11. April 2019, 13:15 Uhr
Yet another EU summit – and yet another extension. But this one, mind, will definitely be the last. Come October 31st, Britain will be out finally, one way or the other (barring a unilateral revocation of Brexit). The extension itself has turned out far shorter than anticipated by many, courtesy of France. So what does it provide for? A general election? A second referendum? We try and answer these and other questions in turn.
Six months are relatively short. Does this space suffice for a potential second referendum?
Theoretically, yes. But with each week passing without legislating for it, it becomes even less likely than it is right now. As of today, there’s no majority for another referendum in the House of Commons. Reaching it would necessitate at least a) an agreement between the government and Labour, b) an indicative vote by the House of Commons in favour of the Withdrawal Agreement plus an amended Political Declaration entailing the agreement reached between Theresa May and Jeremy Corbyn as well as an indicative vote in favour of another referendum, and c) actual legislation for such a so-called confirmatory vote by the public on the amended Brexit deal vs. Remain (plus, possibly, vs. no-deal). The Tories will not agree on any other kind of referendum but such a confirmatory vote already to prove a very hard sell; a simple re-run of the 2016 referendum along the lines of “in” or “out” (for example by setting no-deal against Remain) is out of the question.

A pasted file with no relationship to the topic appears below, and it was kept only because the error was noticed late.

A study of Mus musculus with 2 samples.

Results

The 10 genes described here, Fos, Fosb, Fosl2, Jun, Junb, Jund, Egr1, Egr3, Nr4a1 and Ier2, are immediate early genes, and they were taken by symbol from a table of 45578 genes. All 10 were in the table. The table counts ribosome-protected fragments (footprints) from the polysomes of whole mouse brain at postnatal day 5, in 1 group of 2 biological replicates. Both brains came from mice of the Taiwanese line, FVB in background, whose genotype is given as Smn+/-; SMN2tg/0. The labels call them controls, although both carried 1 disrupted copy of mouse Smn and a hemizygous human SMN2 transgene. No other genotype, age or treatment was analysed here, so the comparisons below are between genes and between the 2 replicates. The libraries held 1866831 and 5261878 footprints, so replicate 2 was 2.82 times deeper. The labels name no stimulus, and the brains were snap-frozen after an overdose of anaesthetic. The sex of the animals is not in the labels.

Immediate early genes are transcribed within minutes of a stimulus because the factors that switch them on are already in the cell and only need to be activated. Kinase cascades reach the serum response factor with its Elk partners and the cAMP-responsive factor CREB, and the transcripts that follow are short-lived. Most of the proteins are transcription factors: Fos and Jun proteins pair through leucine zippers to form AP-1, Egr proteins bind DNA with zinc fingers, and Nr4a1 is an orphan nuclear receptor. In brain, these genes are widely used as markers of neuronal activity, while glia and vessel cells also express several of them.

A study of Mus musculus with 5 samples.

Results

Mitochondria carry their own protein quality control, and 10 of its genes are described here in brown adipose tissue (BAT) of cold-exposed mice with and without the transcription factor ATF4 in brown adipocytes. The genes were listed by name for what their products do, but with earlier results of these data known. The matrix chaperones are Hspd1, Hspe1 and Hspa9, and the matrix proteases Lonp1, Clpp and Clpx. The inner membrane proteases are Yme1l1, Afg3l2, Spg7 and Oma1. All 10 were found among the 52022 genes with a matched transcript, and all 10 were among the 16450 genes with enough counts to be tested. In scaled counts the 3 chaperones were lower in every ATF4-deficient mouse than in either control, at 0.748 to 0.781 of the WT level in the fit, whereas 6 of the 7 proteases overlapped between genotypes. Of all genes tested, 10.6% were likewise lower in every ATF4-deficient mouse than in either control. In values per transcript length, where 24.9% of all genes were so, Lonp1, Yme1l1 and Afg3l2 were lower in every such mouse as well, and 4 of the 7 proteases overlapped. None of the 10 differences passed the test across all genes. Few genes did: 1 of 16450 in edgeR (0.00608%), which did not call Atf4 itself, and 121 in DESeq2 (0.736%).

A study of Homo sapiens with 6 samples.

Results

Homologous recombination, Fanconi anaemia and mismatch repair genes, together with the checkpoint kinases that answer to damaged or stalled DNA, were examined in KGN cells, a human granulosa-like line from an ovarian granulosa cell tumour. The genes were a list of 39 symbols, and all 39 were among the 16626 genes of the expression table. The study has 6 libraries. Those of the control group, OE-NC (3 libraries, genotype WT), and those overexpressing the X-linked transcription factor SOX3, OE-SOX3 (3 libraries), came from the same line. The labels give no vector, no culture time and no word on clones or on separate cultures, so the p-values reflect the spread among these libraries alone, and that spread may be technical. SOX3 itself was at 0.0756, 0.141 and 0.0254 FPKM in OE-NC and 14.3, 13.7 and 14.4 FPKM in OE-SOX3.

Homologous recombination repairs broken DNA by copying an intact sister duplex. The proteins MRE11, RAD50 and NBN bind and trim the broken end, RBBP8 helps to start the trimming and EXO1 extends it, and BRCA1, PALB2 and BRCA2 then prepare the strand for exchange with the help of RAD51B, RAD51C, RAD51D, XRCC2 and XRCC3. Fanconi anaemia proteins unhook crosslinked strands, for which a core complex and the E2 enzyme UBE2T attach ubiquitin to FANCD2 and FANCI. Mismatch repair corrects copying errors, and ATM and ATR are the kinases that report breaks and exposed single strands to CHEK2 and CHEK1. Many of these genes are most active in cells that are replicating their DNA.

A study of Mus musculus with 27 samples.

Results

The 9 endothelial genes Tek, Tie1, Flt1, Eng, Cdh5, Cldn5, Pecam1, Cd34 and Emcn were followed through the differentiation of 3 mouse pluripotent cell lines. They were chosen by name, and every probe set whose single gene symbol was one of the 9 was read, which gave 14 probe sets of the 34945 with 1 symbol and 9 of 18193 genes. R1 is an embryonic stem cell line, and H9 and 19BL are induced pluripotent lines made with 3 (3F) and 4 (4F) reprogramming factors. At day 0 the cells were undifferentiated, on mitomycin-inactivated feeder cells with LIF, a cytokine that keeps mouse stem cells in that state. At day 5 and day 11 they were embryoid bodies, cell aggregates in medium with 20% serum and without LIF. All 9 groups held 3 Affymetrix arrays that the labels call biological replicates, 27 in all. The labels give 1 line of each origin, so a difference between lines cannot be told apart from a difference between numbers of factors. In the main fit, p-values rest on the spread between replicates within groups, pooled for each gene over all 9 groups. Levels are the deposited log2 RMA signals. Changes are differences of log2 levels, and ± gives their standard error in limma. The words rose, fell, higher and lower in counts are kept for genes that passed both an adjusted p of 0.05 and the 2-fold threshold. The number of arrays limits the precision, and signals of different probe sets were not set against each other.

Have the odds of a general election increased?
Decidedly so, yes. With Halloween the new and final cliff-edge date, only a unilateral revocation of Brexit can stave off a no-deal Brexit this time around, should Parliament continue to reject the Withdrawal Agreement in either its current or Labour-amended form. Such a putative revocation, however, is inconceivable without any kind of a public vote beforehand, with a second referendum the relatively more complex and time-demanding and thus less likely exercise compared with an election. And there’s another, even more relevant reason in favour of a snap election: Even if there’s an agreement with Labour, Theresa May will then have to rely on Labour votes for her ensuing Brexit legislation, a situation which cannot last long, inevitably resulting in an election by law if a vote of no confidence finally succeeds. If no agreement between Labour and the government is reached, an election is all the more likely.
Is no-deal finally from the table?
Absolutely not, no (see the recent, related post on the Economic Ticker, too). For a no-deal Brexit effectively to be prevented, the ratification of the unnegotiable Withdrawal Agreement remains part and parcel. Should Parliament continue to refuse doing so, or a new Prime Minister embark on yet another fruitless attempt to try and re-negotiate the backstop wasting time in the process, or a general election yield yet another inconclusive or even pro-Brexit result, no-deal very much remains a live option. Above all, Parliament’s single instrument to try and stave off no-deal, i.e. ordering the government to ask for yet another extension in Brussels will not be available this time around, so that the only unilateral action for the UK remaining would be the revocation of Brexit altogether.